How to make a Schedule for your Homeschooled Child
Homeschooling is a job in itself but who doesn’t want a job that lets one spend the entire day bonding with the loved ones? We understand that organization and management become a little tricky for a homeschool parent but on the days you feel overwhelmed, a good schedule will lift the clutter off your back. Here are some of the tips to create a schedule for yourself and your little one.
1. What worked for Martha may not work for you
You know your family better than anyone else. Your habits and likings might be similar to your next-door neighbor Martha’s but that doesn’t mean that her schedule will fit yours. In the initial days, experiment with the schedule to see what suits your needs best. Sit down with your family members and agree to a schedule that works for all, especially the child.
“I tried following my sister-in-law’s homeschool rules but then, I realized that her rules only work for her kids.” – Nancy, 33, mother of two.
2. Stress creates a mess
Do not stress if it takes time to get used to a schedule. Nothing can work overnight. Give yourself time and make adjustments accordingly.
“It took Peter and me two years to get used to being homeschool parents with our first child. But with Robert, our second baby, it came naturally!”- Patricia, 29, mother of two.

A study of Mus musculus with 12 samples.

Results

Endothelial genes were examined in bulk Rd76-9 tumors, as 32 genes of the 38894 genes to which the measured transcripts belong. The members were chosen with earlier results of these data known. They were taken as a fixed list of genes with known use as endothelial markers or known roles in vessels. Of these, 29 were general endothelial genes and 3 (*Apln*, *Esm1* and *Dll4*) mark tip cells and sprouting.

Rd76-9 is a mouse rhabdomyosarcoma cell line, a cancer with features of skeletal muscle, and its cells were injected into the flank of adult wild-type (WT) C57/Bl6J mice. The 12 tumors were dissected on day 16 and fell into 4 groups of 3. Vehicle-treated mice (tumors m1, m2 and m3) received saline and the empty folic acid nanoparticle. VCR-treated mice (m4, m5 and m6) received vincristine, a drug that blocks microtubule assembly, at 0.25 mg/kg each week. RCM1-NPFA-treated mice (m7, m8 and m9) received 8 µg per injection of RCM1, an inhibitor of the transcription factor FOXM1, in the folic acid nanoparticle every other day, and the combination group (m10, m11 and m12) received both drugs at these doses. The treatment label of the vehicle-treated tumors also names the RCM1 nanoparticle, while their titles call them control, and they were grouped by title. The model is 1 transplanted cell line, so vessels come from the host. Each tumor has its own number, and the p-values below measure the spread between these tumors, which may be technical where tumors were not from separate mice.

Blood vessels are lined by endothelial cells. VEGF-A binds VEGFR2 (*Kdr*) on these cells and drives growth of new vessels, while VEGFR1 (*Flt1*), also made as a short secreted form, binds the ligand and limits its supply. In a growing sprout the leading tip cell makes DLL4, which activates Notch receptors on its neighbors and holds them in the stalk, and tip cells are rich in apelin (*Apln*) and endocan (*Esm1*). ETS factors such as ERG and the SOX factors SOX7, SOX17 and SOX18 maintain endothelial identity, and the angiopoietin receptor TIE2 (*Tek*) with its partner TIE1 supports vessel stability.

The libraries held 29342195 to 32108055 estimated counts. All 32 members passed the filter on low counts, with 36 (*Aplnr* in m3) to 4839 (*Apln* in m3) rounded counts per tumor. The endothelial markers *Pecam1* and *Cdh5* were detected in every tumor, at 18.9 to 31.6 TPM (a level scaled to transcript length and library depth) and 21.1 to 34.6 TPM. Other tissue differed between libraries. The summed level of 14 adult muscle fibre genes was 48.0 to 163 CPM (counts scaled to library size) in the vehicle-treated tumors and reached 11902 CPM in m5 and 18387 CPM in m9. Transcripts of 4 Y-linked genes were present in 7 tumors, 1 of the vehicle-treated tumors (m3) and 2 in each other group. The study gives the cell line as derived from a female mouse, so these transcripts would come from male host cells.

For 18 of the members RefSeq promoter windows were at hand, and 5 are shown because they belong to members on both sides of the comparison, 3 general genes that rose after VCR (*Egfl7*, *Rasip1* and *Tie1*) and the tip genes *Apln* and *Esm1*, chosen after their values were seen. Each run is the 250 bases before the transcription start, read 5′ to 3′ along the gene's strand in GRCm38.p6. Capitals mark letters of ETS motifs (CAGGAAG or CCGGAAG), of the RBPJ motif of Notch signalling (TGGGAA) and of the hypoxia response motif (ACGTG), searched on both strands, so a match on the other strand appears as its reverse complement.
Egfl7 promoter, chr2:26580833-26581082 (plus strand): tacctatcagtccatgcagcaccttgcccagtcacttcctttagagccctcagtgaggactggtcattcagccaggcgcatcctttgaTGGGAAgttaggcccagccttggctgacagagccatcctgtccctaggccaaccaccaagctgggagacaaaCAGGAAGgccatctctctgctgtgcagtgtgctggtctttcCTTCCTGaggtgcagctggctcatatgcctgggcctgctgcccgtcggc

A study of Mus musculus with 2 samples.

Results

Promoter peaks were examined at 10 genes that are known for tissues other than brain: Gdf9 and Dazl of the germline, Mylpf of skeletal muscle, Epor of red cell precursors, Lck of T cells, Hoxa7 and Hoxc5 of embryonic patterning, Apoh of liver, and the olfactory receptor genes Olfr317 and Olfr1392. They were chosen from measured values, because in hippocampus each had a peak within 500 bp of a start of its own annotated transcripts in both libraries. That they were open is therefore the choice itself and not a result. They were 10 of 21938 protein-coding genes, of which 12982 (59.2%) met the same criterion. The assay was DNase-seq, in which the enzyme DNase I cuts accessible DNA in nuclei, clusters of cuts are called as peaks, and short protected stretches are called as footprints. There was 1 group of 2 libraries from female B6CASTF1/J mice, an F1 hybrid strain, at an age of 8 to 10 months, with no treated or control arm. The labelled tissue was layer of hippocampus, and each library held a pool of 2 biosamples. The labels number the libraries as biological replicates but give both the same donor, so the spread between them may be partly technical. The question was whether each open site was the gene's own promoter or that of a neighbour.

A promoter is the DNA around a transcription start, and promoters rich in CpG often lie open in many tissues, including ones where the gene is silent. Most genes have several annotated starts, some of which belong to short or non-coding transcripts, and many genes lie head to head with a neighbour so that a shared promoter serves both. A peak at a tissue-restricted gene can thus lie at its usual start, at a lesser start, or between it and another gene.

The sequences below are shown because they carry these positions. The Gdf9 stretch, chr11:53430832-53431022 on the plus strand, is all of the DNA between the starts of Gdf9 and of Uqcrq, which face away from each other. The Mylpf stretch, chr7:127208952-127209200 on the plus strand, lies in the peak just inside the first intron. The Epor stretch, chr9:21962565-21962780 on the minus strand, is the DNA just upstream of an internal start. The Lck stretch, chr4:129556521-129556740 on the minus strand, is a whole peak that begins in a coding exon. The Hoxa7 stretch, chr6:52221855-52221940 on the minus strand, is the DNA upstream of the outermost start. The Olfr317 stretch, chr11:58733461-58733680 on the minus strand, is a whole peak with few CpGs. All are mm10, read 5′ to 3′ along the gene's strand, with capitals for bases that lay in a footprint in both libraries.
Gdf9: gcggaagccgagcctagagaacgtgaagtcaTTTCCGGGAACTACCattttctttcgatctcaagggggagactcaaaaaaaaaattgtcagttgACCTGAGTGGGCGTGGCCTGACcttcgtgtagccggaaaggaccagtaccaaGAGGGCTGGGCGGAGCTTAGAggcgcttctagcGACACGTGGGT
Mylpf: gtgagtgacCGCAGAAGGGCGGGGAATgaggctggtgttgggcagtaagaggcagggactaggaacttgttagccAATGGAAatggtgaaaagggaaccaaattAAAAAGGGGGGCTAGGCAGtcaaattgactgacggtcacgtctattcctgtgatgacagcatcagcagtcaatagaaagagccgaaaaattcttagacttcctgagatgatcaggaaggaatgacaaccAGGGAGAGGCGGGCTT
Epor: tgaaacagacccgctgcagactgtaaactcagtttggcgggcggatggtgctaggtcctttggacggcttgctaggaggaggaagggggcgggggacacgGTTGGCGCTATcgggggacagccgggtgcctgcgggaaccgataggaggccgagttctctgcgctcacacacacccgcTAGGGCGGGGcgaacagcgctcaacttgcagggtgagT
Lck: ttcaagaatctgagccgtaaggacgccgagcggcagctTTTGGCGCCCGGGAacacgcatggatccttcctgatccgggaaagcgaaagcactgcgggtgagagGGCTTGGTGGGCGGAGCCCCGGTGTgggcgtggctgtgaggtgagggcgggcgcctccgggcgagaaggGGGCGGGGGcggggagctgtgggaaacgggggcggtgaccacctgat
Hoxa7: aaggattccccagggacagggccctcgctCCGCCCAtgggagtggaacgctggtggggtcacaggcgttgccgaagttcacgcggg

3. External factors matter
What you create won’t be carved in stone. External factors such as the weather, family emergencies or sudden illnesses, might impact your schedule and it is perfectly alright to be flexible once in a while and shift things forward.
“I’m a divorced mom and I always have to include Simon’s father’s schedule in mine. For me, homeschooling goes one day at a time!”- Sharon, 37, single mother of one.
4. Add some magic to it
Never stick to the same schedule for long periods of time. Give your cupcake of a schedule occasional sprinkles. Not only will this be beneficial for your child’s learning pace, but it will also never let homeschooling become a tedious task.
“On Fridays, Anthony creates his own schedule!” – Dona, 23, mother of one.
5. All study and no play makes Jack a dull boy
Homeschooling includes extracurricular activities for your child, it also includes all forms of sports and socialization. Take your child on field trips, always have one day of the week dedicated to fun, arrange instrumental or dance lessons and take your child to art exhibitions. Make learning fun by doing it through different activities.
“Mike takes piano lessons. He prefers them over family Sundays, so I let him have that. We’re together for the other six days, anyways!”- Sandra, 40, mother of three.
6. Set the goals
Always set the goals. The goals don’t always have to be long term for the schedule. There can be short-term and long-term objectives and reward yourself and your child after each task or accomplishment gets crossed off the list. Make sure that the goals are realistic.
“Every time James Jr. aces his test, he gets money put inside for a trip to Disneyland!”- Ruth, 25, mother of one.
7. Have it printed
Print a copy of your everyday schedule and put it up. We use this extremely helpful scheduling application called Homeschool Panda which helps us declutter our homeschool life and stay organized. Once we’ve made a schedule, it helps us print out a copy.
“I’m a homeschool Panda mother. The application’s a must have if you’re a homeschooling parent. Help me organize my life and my babies!” – Ruth, 25, mother of one.